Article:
PRINCE ALBERT -- A pilot working for the Saskatchewan Public Safety Agency Wildfire Management Branch captured a video of a bear coming up to his van near the Buffalo Narrows airport early Wednesday.

On his way to work, Pervez Iqbal, 77, saw something that looked like a bear in the distance on the side of the road. When he got closer, he parked to watch it graze and took some photos of it.

“Then all of a sudden the bear made eye contact with me and decided to investigate me,” said Iqbal. The bear came towards his vehicle and put its two front paws on the hood.

“He came right up, as you see in the video, and I was a little bit nervous that those big claws are going to leave some pretty nasty scratches,” said Iqbal.

He beeped the horn on his van and the bear “didn’t even blink.” He said judging from the bear's behaviour, the bear may have previously been fed by humans.

“People should be a little more alert because somebody could get hurt,” said Iqbal. He’s also seen bears go through garbage cans where he lived last summer. He wants people to start putting out their kitchen garbage only on the day of pickup.

“If I can help somebody with the release of the video, and give some advice because sometimes people are too busy living their lives and help them remember that these are wild animals,” said Pervez.

The Ministry of Environment promotes bear safety and encourages people to learn what to do if they encounter a bear in the wild.

“Be calm. Take a wide detour and back away from the animal. In most occurrences, bears have no interest in bothering a person,” said wildlife ecologist Matthew Tokaruk with the Saskatchewan Ministry of Environment.  

He said if a bear gets close, to back away and find cover in a building or car. If a bear approaches you when you are out in nature, you can drop a hat or backpack for the bear to smell while you exit the area. He says if a bear gets physical with you, playing dead is a bad idea and you should try to get away.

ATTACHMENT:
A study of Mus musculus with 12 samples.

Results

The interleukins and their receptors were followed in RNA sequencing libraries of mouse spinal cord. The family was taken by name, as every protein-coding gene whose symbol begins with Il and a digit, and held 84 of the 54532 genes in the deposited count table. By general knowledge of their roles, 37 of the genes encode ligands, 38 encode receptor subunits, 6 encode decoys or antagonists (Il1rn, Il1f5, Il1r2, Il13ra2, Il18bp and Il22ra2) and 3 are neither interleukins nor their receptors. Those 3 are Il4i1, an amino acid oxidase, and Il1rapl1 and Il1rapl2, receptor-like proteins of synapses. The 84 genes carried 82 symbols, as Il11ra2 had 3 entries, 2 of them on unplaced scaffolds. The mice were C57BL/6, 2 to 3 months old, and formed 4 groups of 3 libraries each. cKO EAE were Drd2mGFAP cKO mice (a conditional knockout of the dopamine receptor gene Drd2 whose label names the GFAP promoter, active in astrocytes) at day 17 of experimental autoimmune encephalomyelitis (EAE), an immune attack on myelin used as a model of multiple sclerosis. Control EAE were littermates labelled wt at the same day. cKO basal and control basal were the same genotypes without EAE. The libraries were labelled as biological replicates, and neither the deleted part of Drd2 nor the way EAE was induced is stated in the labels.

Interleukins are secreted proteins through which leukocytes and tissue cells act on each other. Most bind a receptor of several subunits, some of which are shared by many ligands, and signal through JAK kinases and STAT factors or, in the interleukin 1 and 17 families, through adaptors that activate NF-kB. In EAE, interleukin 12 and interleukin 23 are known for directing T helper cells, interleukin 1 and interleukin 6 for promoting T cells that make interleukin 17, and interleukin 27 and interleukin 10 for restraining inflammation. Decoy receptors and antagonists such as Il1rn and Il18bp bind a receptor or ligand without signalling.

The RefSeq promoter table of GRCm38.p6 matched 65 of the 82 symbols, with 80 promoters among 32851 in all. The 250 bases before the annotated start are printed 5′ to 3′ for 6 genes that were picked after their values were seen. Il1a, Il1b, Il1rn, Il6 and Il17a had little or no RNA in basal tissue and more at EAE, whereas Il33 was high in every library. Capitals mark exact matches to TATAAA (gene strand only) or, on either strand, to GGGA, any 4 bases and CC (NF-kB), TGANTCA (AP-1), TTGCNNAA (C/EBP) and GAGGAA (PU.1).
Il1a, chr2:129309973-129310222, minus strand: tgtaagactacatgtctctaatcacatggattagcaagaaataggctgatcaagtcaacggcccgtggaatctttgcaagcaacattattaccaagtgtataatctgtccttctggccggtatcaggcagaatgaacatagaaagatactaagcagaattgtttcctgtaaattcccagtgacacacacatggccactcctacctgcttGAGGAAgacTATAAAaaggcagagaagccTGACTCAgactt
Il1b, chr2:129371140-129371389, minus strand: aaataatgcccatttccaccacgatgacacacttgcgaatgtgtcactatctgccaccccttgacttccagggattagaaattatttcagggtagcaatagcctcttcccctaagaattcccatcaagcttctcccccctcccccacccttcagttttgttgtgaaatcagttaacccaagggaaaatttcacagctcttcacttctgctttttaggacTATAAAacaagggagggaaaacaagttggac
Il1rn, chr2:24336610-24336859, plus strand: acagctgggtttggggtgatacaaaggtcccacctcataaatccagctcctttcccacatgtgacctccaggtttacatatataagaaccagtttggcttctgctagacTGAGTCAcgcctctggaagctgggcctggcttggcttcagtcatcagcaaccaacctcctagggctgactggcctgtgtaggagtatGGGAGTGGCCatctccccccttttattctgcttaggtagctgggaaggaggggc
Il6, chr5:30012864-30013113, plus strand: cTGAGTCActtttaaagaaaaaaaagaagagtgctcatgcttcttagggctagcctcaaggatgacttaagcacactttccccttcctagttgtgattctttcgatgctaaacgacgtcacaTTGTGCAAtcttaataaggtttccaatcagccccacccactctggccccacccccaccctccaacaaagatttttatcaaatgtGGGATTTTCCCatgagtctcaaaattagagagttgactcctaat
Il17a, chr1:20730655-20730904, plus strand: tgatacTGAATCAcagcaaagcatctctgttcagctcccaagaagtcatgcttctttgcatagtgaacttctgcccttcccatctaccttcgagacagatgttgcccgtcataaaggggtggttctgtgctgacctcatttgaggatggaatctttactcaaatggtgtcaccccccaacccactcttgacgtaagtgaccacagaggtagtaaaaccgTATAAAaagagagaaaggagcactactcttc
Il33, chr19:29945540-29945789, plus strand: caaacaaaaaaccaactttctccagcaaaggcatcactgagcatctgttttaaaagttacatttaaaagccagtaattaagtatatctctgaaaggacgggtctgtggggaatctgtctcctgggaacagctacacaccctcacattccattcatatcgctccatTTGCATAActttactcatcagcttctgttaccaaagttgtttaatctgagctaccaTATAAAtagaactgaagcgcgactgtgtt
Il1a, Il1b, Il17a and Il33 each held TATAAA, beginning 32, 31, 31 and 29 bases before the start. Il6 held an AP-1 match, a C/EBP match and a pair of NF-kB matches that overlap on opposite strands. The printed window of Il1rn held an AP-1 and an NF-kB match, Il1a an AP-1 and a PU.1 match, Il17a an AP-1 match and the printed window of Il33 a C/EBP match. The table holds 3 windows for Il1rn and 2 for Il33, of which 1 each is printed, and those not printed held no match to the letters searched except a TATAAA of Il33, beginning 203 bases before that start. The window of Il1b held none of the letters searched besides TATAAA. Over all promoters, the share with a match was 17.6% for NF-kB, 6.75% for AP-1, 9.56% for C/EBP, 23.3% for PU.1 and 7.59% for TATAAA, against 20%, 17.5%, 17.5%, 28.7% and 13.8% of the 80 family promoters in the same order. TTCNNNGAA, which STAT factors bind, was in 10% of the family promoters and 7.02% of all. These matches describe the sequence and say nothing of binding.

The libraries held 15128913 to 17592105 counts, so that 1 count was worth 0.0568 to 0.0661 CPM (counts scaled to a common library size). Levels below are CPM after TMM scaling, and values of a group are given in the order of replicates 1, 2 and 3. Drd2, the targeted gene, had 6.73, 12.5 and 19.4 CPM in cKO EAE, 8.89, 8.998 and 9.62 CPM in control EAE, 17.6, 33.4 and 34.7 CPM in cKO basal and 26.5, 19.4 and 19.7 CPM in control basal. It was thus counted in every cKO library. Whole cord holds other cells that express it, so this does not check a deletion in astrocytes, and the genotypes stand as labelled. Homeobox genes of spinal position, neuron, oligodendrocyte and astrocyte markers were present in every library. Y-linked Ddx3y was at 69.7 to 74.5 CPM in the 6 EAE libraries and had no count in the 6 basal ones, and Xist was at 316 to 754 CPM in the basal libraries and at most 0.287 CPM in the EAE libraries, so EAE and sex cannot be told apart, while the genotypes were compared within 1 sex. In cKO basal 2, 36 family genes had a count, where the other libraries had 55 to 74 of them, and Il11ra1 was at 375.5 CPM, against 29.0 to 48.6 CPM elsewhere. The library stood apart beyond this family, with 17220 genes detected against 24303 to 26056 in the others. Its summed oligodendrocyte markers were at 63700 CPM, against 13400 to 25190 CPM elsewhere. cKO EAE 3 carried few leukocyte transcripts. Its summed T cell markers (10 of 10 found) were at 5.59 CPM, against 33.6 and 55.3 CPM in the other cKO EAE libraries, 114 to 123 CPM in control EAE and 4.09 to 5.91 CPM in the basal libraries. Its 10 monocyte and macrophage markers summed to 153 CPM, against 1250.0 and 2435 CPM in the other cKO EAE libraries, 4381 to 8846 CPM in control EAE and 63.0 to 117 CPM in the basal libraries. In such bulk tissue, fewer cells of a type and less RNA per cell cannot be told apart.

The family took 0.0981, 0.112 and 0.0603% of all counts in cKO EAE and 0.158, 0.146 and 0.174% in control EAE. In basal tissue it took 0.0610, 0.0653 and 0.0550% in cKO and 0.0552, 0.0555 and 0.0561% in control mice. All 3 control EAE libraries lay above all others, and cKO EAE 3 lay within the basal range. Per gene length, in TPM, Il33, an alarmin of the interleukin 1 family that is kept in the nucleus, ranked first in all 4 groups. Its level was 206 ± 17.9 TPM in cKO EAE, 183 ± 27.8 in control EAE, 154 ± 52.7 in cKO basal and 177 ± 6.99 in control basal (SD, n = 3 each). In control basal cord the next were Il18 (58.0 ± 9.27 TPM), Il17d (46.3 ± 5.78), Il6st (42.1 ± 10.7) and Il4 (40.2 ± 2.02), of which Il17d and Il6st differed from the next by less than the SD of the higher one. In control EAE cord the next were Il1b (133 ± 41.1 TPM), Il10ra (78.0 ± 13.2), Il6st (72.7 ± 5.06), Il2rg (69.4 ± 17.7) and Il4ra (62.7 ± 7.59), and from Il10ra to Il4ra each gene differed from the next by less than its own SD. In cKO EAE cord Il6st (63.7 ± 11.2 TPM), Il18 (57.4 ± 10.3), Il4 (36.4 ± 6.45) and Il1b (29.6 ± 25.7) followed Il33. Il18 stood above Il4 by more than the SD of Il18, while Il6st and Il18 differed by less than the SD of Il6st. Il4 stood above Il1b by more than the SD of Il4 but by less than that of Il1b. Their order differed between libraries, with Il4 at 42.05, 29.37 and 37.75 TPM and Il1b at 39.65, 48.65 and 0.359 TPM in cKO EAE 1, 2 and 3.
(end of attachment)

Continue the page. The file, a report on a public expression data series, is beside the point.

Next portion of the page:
“You do want to really fight and be aggressive, not play dead,” said Tokaruk.

"When bears start to associate food with humans they become habituated, a nuisance, and a public safety concern,” according to the ministry.

It recommends people minimize things that attract bears in their yards and campsites:

  • Store refuse in a secure building or buy a bear-resistant container. Only put your garbage bin out on the morning of collection.
  • Wash all recycling items and regularly clean garbage or recycling bins.
  • Avoid leaving pet food accessible to wildlife.
  • Only use bird feeders in the winter when bears are hibernating.
  • Do not add fish, meat, fat, oils, unrinsed eggshells or any cooked food to compost bins.
  • Properly clean and store barbecue grills after each use.

Black bears are found in many parts of the province, especially forested areas. Prime bear habitat is northern forests but their range extends southward into aspen parkland, including some islands of habitat such as Touchwood Hills in the Qu'Appelle Valley and the South Saskatchewan river valley, according to the ministry.

The only type of bear typically found in Saskatchewan is the black bear. The current provincial population estimate for black bear in Saskatchewan is 43,000 as determined from a habitat-based population model.